Radar System Detects Sub-Miniature Drones with AI
Counter drone technology is making some serious progress. The Daegu Gyeongbuk Institute of Science and Technology (DGIST) at South Korea announced having developed a radar system that can detect sub-miniature drones that are 3km away, on July 16. It was developed by Senior Researcher Dae-gun Oh and his team at the Collaborative Robots Research Centre.
This research is expected to strengthen capabilities of the domestic and defense industries by securing a world-class radar sensing technology.
In the aftermath of having discovered a North Korean drone in Paju in March 2014, South Korea’s Ministry of National Defense adopted drone detection radar based on an overseas technology. Since last year the ministry has been developing a combat system using drones and training specialized personnel besides forming a drone unit to strengthen its defense capability. South Korea is using many radar systems from abroad such as drone detection radars from RADA in Israel and Blighter in the U.K. RADA especially owns a superior radar technology performance that can detect drones that are a maximum of 3km away.
In 2016 the DGIST team for the first time developed Korea’s first radar system that can detect drones 200m away algorithm using Korean technology only. Through continuous research since 2014 DGIST Senior researcher Daegun Oh’s team successfully developed a world-class radar system that can detect sub-miniature phantom drones flying in the sky over 3km.
The research team designed the drone detection radar system to operate between 12GHz and 18GHz, and applied super-resolution radar signal processing technology to locate drones accurately by applying an AESA or Active Electronically Scanned Array radar technology to enhance the maximum detection distance range of radar. Additionally the radar system can identify and detect drones more clearly in real-time by integrating ‘GANs (Generative Adversarial Networks’2) -based drone cognition technology, which has already been drawing attention as the next generation deep learning algorithm.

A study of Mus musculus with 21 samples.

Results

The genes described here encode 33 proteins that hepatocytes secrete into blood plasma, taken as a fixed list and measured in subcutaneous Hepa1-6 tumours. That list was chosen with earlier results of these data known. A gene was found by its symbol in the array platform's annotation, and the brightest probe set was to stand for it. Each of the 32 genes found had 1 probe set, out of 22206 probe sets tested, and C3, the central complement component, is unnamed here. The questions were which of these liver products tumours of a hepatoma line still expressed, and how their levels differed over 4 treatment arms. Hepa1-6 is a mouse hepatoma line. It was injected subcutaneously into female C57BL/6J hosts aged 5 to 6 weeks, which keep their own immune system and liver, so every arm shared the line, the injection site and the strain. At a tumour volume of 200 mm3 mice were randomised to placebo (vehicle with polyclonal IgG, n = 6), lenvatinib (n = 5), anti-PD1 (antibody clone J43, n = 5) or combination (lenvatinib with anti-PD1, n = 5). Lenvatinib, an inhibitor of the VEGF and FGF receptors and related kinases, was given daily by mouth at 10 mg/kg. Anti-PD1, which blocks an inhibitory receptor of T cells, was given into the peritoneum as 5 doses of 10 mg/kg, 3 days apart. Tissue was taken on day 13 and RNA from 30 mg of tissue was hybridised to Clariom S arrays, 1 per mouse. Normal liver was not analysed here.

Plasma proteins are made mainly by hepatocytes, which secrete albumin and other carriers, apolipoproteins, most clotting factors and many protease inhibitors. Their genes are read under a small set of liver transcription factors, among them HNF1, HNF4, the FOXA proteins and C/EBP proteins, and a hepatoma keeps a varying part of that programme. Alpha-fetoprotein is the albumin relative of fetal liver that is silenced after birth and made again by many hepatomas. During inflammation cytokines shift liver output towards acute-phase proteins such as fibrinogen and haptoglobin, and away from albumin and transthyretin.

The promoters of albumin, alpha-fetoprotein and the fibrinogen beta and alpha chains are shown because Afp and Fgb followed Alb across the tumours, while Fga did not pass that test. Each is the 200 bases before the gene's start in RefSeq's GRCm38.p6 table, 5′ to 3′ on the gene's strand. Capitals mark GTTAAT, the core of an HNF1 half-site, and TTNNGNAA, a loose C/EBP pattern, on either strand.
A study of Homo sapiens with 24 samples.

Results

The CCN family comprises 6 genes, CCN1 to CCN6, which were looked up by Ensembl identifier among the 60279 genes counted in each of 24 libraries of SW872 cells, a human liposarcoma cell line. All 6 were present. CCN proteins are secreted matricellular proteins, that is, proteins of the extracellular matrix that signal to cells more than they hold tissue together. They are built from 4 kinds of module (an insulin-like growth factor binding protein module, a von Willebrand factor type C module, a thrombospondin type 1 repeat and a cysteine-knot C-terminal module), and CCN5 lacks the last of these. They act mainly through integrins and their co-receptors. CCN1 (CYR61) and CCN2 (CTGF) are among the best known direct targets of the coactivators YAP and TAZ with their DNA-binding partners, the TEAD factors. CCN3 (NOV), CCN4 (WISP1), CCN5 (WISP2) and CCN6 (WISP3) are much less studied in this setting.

The hardware components such as the transmission antenna, receiving unit, receiving antenna, and signal processing platform inside the radar detection system were developed 100% by Korean small and medium-sized companies which will also help create high-added value to regional industries.
The DGIST team at Collaborative Robots Research Centre said “This research achievement is a result of cooperation with Korean companies to develop radar hardware and our focus on the development of a unique radar signal processing algorithm for detection, tracking, and identification of drones. We will strive harder to enhance the reputation of domestic radar technologies in the global market by changing the market spectrum led by overseas companies.” The research team is currently discussing the issue of drone detection radar technology transfer to Korean and overseas defence industries.
The AI radar identification technology in this research achievement was published on the world-class radar journal IEEE Geoscience and Remote Sensing Letters on June 18. Also, papers on the element technology of drone have also been published on Microwave and Optical Technology Letters, IEEE Sensors, IEEE Transactions on Aerospace and Electronics Systems, MDPI Sensors, etc.
This research was conducted jointly by senior researcher Daegun Oh’s research team at DGIST and Professor Youngwook Kim’s research team in the University of California, U.S. with the support of the Ministry of Science and ICT from 2017.